Quebec’s $3B month: opposition says Liberal pre-election spending is a ploy to buy votes

In Notre-Dame-de-Pontmain, a small Laurentian village with a population of roughly 800 people, a sculpture will be made to commemorate the municipality’s founders. This summer, the federal government announced it will contribute $45,000 to help cover the cost. 

In Marieville, Que., population 10,000, the library will be moving out of a church basement and into a new, $900,000 building, paid for by the federal government.

And this year’s edition of the Gatineau hot air balloon festival received an injection of nearly $200,000 from the federal government.

These are some of the more than 115 federal spending announcements made in Quebec between Aug. 1 and Sept. 10.

The Liberal government announced more than $3 billion in spending in the province in that time period — spending opposition parties say was more motivated by winning votes than by good governance.

It’s like the Liberals would like to buy this election.– Gérard Deltell, Conservative candidate

According to Global’s David Akin, who keeps a tracker of government spending, the Liberals announced $12.8 billion in spending in August alone.

“It’s like the Liberals would like to buy this election,” said Gérard Deltell, a Conservative candidate in Quebec City.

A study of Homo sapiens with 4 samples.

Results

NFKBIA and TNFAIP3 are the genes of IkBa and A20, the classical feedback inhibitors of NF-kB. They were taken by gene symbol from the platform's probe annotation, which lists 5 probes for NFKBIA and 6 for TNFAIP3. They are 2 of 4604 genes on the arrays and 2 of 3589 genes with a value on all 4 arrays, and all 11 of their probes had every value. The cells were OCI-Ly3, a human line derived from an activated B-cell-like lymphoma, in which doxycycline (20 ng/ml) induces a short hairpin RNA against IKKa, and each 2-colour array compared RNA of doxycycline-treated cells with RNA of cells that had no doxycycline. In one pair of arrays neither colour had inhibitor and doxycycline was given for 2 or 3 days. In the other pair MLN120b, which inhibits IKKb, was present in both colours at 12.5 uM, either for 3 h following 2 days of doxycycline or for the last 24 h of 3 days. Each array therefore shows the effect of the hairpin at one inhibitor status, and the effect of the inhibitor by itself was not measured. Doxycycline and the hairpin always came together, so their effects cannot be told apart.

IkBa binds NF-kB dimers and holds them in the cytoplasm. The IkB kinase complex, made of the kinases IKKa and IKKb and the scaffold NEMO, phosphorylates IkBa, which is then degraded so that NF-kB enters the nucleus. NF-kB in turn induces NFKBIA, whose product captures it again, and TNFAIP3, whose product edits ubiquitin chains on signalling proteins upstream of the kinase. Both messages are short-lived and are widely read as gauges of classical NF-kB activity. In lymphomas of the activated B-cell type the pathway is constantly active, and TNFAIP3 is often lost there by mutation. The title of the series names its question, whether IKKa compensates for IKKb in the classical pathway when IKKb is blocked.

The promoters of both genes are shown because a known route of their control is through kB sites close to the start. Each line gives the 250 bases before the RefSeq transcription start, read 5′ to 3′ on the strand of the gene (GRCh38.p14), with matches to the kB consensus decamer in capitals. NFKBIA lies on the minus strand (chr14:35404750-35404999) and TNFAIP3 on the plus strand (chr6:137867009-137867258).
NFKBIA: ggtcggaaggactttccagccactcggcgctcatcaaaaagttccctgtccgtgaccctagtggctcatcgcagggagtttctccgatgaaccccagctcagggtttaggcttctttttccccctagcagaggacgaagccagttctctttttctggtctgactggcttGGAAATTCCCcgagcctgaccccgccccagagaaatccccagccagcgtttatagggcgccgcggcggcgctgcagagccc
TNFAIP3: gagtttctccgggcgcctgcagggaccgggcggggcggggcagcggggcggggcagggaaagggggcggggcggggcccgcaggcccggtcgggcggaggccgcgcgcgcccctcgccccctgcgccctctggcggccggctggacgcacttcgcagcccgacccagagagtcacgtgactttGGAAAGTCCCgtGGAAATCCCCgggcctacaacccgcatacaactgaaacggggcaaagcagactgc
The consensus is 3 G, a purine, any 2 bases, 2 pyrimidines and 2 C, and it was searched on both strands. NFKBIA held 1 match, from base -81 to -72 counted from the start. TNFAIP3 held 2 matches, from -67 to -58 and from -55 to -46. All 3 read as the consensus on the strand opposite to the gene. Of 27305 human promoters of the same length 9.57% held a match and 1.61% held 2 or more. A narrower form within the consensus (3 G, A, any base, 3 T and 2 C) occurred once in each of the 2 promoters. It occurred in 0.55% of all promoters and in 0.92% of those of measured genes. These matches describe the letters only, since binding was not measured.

The practice of going on a spending spree right before an election is not unique to the Liberals; it’s been done by successive governments.

“All governments have a tendency to do that, but this year, it’s really very significant spending here in Quebec,” said Daniel Béland, director of the McGill Institute for the Study of Canada.

“This year they spent a lot of money in Quebec, because Quebec is so important for their re-election strategy.”

Deltell estimates the Trudeau Liberals spent nine times as much money in the month leading up to this year’s election as the Harper government did in its dying days in 2015.

Breaking down the announcements

Between Aug. 1 and Sept. 10, the Liberals made more than 115 announcements in Quebec, totalling more than $3 billion. There is some fine print to many of the announcements: some of the money included repayable loans or funds that will be handed out over several years, and much of the money was previously announced in the spring budget.

The lion’s share of spending announcements were directed to the Quebec City region, where Conservatives currently hold most seats. 

The bulk of the money was doled out in two big announcements: a $1.75-billion homelessness strategy, and $1.2 billion for a tramway in Quebec City.

There were also six dairy-related funding announcements in the province in the same time period. These announcements could be an effort to mitigate political damage done by a concession made when the government was renegotiating a trade deal between Canada and the United States.

Almost every announcement included a ribbon-cutting-style event, and many of them were in places considered to be part of potential swing ridings.

“I think that it disillusions voters even more, because there’s an impression that, here we are, giving you back your money,” said Green Party deputy leader Daniel Green.

He said pre-election spending is a way for a government to “hedge its bets” going into an election season.

Liberals unapologetic

In a statement, the Liberal Party did not respond to allegations that the pre-election spending was an effort to buy votes.

The statement said the government has helped the middle class by making investments across the country to help create jobs.

“This summer was a continuation of the investments we have been making in communities across the country since we took office,” it said.